First, it was Arlen Specter fleeing to the Democrap Party when he faced a serious re-election challenge.
Now Justice Souter of the Supreme Court, who has reinvented himself as a Laberal after being appointed by the first President Bush, has decided to retire and let President Obama name an even more liberal replacement:
AP, NBC, and NPR report that Justice David Souter, an associate justice of the Supreme Court for 18 years, will retire at the end of the term. Administration officials were caught by surprise, though I suspect some at high levels were informed, and Souter’s office won’t confirm anything.
Appointed by George H.W. Bush, Souter became a reliable liberal vote on the court and posited himself as an advocate of a constitution that breathes and whose principles are to be informed by modern facts and evidence. He is known by legal scholars as a moderate, but he votes often with the liberal wing.
By all accounts, Mr. Souter was not terribly pleased with the prospect of spending the remainder of his active life on the court. He will return to quiet New Hampshire — if indeed these reports are correct.
Let’s face facts: there are many qualified center-left jurists who are women. Obama will be under enormous pressure to name a woman to replace Mr. Souter, especially given the illness of Justice Ruth Bader Ginsberg. Justice John Paul Stevens is 89.
The new associate justice will probably be called upon to decide the constitutionality of Bagram airbase detentions, the scope of the government’s authority to define a national security fact, perhaps the status of gay marriage — and much more.
If Obama appoints a thoroughgoing liberal, Republicans will give him the fight of his life — though he might, by the time of the vote, have 60 Democrats to avoid a filibuster. A more moderate pick would disappoint his liberal base. In reality, Obama can appoint anyone he wants.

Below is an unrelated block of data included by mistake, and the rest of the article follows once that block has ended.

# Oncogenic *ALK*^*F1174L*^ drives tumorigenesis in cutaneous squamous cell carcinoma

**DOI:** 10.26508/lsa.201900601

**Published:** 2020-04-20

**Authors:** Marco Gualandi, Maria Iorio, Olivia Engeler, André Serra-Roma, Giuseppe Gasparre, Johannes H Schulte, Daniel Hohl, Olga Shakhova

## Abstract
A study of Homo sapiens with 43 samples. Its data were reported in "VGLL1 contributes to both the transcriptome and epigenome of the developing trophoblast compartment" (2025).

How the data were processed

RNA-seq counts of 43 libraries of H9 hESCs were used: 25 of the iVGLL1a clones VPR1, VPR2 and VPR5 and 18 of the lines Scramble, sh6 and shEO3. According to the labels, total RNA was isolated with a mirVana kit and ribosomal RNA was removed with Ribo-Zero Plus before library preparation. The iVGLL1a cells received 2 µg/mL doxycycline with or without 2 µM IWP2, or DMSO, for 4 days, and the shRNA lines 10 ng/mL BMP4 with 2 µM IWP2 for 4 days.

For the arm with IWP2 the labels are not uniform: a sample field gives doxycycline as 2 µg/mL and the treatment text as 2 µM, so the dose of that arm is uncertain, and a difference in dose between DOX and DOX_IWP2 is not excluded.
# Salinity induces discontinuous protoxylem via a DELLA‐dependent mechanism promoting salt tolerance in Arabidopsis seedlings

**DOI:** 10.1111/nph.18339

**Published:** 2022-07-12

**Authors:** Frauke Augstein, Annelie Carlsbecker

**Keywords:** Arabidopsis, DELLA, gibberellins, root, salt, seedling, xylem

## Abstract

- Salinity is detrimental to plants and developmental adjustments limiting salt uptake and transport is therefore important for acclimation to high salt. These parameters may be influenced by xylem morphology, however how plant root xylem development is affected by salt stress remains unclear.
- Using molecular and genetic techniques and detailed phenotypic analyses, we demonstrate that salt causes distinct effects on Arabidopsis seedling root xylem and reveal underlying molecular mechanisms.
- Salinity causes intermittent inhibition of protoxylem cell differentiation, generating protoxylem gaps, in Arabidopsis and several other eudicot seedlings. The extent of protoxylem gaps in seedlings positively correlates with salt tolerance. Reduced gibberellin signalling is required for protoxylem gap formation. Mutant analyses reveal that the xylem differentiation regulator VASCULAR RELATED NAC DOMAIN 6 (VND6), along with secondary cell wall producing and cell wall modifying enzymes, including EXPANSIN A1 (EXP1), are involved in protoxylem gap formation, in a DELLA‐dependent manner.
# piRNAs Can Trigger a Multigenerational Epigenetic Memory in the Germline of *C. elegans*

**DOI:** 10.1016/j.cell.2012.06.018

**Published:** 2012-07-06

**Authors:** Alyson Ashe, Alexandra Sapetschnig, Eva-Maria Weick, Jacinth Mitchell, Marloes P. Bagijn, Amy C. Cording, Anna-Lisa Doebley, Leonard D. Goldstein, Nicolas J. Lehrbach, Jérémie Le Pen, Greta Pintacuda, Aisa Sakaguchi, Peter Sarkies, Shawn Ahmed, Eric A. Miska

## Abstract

I’m praying he “disappoints the liberal base” — he’s gotten so good at doing that lately.
Among those who might make the list of replacements: incoming solicitor general Elena Kagan, formerly the dean of the Harvard Law School, Cass Sunstein, a brilliant constitutional law prof who now works at Obama’s Office of Management and Budget, Secretary of State Hillary Clinton, appelate judge Diane Wood, and Leah Ward Sears, the chief justice of Georgia’s Supreme Court. A dark horse might be Judge Nicholas Garaufis of the Eastern District of New York.
A side note: watch for Vice President Joe Biden, a former chair of the Judiciary Committee in the Senate, to play a significant role in this process.
Two very senior administration officials politely refused to comment or speculate about Souter or possible appointments. I am told that orders have come down from the top — as in the chief of staff’s office — that no one is to talk about this to reporters.
Oh, GREAT — Rahm Emanuel is highly involved in the process. Peachy.
— Sonia Sotomayor, a Hispanic female who sits on the U.S. Court of Appeals for the 2nd Circuit.
— Harold Koh, the former Yale Law School dean and an Asian-American, whose nomination as State Department legal adviser is pending.
— Diane Wood, a judge on the U.S. Court of Appeals for the 7th Circuit.
— Kim Wardlaw, a judge on the U.S. Court of Appeals for the 9th Circuit who is Hispanic.
— Massachusetts Governor Deval Patrick, a former assistant U.S. attorney general for civil rights who is African-American.
Koh is the guy who raised a short firestorm after saying we should respect International Law in our American Courts, and that Islamic Sharia law might be included in that. For my money Deval Patrick is the inside player; he’s black, he’s from Massachusetts 9which would please the Kennedy’s no end), and he’s a Governor. How good a Governor I don’t know personally, although Brian Maloney at the Radio Equalizer has a thousand stories he can tell you. Corruption runs deep in the Bay State.
On the plus side, we could get rid of one of the most unpopular governors in recent memory. And Obama will finally have the chance to reward one of his closest pals and the architect of last year’s brain-dead, yet highly-successful campaign.But the price would be high: Patrick would have a chance to inflict pain on a national level, rather than concentrating his damage in the Bay State.
And if Ginsberg retires for health reasons as well? That’s two.